CSS stands for Cascading Style Sheets and this is the technology that's used for formatting web pages. This chapter is about CSS. It's not intended to be a complete reference on CSS. It's intended simply to expose you to it and show you what it looks like and roughly how to use it so that you can apply it to some extent in your own documents. For a complete reference, there is another CSS course here on lynda.com in addition to some other more task-oriented courses that cover CSS and many references available at other places as well.
So this is not intended to be a complete reference. It's simply intended to be an overview and to give you enough information so that you can start to use CSS in your own documents. This is an example of a document which is rendered without CSS, and this is the same document with CSS. You can see we have accomplished the same formatting in both of them, so we can look at how that's done. Here is the no CSS version. You will see it has got the background color and the text color specified here in the body tag, and here in the CSS version, it has the same thing specified, but they are using a Style attribute instead and this is CSS inside the quotes, inside the Style tag that's written in the format of CSS.
So let's just take a look at how this works. We'll go ahead and we'll change something here. We'll change the font of the document. We'll choose the Font Family attribute, Font-Family, and we'll say that that's going to be Tahoma. Choose that Sans-Serif one. It will look very different from what we have here now. I will Save that, and go ahead and Reload in the browser, in the CSS Body Style version, and go ahead and hit Reload and there we have the same document and it's simply changed. It's using the Tahoma font family now. So that's it.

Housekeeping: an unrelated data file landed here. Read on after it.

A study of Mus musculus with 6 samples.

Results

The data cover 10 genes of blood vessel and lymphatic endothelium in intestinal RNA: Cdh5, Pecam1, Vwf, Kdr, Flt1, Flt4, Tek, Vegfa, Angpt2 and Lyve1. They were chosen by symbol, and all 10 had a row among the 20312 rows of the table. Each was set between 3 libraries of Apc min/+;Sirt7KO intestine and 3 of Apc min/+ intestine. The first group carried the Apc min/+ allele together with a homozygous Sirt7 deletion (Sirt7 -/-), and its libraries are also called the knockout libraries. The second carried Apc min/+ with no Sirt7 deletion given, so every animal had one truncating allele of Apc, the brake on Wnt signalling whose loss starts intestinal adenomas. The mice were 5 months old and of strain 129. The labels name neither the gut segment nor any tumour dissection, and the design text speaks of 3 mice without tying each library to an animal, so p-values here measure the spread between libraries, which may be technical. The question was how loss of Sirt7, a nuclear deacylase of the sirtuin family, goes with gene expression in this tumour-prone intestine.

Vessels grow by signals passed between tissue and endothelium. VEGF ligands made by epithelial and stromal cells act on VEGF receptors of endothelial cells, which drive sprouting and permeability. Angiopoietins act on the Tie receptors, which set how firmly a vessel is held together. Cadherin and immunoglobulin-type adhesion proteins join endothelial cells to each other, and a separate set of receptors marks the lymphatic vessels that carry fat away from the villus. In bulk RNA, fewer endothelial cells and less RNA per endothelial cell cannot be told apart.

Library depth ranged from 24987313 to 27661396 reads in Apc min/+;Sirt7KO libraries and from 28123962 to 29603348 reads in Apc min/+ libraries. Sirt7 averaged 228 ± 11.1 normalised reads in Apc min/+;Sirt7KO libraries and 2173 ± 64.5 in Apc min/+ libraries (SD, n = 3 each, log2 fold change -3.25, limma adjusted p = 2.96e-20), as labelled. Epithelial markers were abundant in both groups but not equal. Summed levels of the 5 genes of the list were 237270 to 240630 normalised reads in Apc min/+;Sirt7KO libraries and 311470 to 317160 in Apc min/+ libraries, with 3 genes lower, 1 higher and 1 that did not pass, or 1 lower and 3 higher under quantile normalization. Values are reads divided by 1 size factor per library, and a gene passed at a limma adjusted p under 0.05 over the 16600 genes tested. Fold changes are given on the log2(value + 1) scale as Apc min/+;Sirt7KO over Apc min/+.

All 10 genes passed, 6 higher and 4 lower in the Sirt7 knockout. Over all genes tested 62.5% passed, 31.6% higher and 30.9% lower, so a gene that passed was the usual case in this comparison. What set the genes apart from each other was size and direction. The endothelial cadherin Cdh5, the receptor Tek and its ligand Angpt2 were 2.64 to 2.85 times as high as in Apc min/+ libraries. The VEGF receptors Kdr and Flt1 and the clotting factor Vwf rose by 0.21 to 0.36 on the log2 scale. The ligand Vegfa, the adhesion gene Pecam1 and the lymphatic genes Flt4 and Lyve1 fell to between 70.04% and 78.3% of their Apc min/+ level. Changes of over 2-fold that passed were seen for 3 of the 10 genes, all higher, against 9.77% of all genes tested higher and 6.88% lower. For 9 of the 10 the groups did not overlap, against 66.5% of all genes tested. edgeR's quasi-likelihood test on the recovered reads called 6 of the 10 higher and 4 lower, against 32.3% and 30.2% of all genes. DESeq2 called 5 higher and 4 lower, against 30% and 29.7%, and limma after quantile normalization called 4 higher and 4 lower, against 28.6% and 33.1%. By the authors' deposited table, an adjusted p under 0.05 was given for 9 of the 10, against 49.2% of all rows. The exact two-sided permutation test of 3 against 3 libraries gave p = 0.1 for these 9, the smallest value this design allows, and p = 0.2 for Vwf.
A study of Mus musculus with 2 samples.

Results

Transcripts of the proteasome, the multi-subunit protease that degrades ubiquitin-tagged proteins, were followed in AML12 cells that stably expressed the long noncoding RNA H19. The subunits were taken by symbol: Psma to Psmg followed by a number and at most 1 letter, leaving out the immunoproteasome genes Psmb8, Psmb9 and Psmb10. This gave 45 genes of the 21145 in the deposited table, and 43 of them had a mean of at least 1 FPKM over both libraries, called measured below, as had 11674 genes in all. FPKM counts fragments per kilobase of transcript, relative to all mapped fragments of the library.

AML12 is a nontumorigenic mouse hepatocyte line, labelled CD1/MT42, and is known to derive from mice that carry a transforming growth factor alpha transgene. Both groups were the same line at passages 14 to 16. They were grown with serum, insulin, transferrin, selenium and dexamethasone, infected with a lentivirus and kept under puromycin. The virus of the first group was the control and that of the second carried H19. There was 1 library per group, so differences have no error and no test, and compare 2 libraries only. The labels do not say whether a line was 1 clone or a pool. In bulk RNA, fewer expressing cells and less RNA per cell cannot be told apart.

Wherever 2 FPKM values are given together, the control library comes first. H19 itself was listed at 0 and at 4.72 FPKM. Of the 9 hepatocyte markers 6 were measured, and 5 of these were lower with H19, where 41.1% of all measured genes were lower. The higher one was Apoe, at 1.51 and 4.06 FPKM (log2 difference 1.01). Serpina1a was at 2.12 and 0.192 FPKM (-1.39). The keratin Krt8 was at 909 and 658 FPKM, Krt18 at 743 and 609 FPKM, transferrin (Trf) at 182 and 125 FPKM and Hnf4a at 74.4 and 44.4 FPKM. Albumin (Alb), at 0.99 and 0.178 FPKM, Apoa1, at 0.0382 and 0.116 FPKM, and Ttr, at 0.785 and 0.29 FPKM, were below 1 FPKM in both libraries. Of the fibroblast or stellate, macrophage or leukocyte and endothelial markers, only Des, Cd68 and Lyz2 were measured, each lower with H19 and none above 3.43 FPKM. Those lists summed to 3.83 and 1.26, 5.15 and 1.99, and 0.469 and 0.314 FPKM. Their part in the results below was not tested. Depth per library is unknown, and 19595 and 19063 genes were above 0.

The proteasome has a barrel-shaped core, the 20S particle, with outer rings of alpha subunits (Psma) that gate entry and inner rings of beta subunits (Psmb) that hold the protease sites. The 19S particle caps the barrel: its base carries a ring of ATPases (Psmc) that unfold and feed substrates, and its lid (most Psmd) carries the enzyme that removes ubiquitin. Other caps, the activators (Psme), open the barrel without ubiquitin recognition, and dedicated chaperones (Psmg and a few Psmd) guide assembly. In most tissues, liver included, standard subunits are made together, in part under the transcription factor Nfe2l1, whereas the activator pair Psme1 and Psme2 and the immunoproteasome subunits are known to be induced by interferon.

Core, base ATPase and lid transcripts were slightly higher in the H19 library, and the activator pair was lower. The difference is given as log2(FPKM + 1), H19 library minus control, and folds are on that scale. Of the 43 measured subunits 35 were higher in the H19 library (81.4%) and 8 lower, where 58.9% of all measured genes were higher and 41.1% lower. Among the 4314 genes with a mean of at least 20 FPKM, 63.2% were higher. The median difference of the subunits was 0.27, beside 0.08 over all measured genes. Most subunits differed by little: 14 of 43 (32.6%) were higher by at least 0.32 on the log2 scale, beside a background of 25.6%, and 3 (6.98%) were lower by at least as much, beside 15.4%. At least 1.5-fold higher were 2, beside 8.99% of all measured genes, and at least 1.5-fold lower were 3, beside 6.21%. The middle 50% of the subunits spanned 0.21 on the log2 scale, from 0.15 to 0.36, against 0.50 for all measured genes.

That will change everything in this body container. So the body container, it comprises the entire document beginning to end, the content portion of the document. So all of that is changed to the Tahoma font. Now, let's say we just wanted to change the h1 tags. Well, we can create a little style sheet inside this document and we can use the Style tag for that. This is different than the Style attribute. The Style attribute applies to one element in one place in a document, the Style tag applies to the entire document.
So up here, we can say h1, and that will select all of the h1 elements in the entire document. We can put a style inside these brackets here and just say color: #006 and that will make a blue color. So I'll save that and now all of the h1 elements, which are these headings here, will change to blue. Go ahead and Reload, and there you see that they are now these dark blue that I specified as 006. So that's how you can change just one element.
That's just little bit of a sneak peak of the power of CSS that allows you to change one tag throughout the document. So every place that tag shows up in the document, it will be changed. This is what CSS does, this is how it works, and so through the rest of this chapter, we'll be looking at how this all works.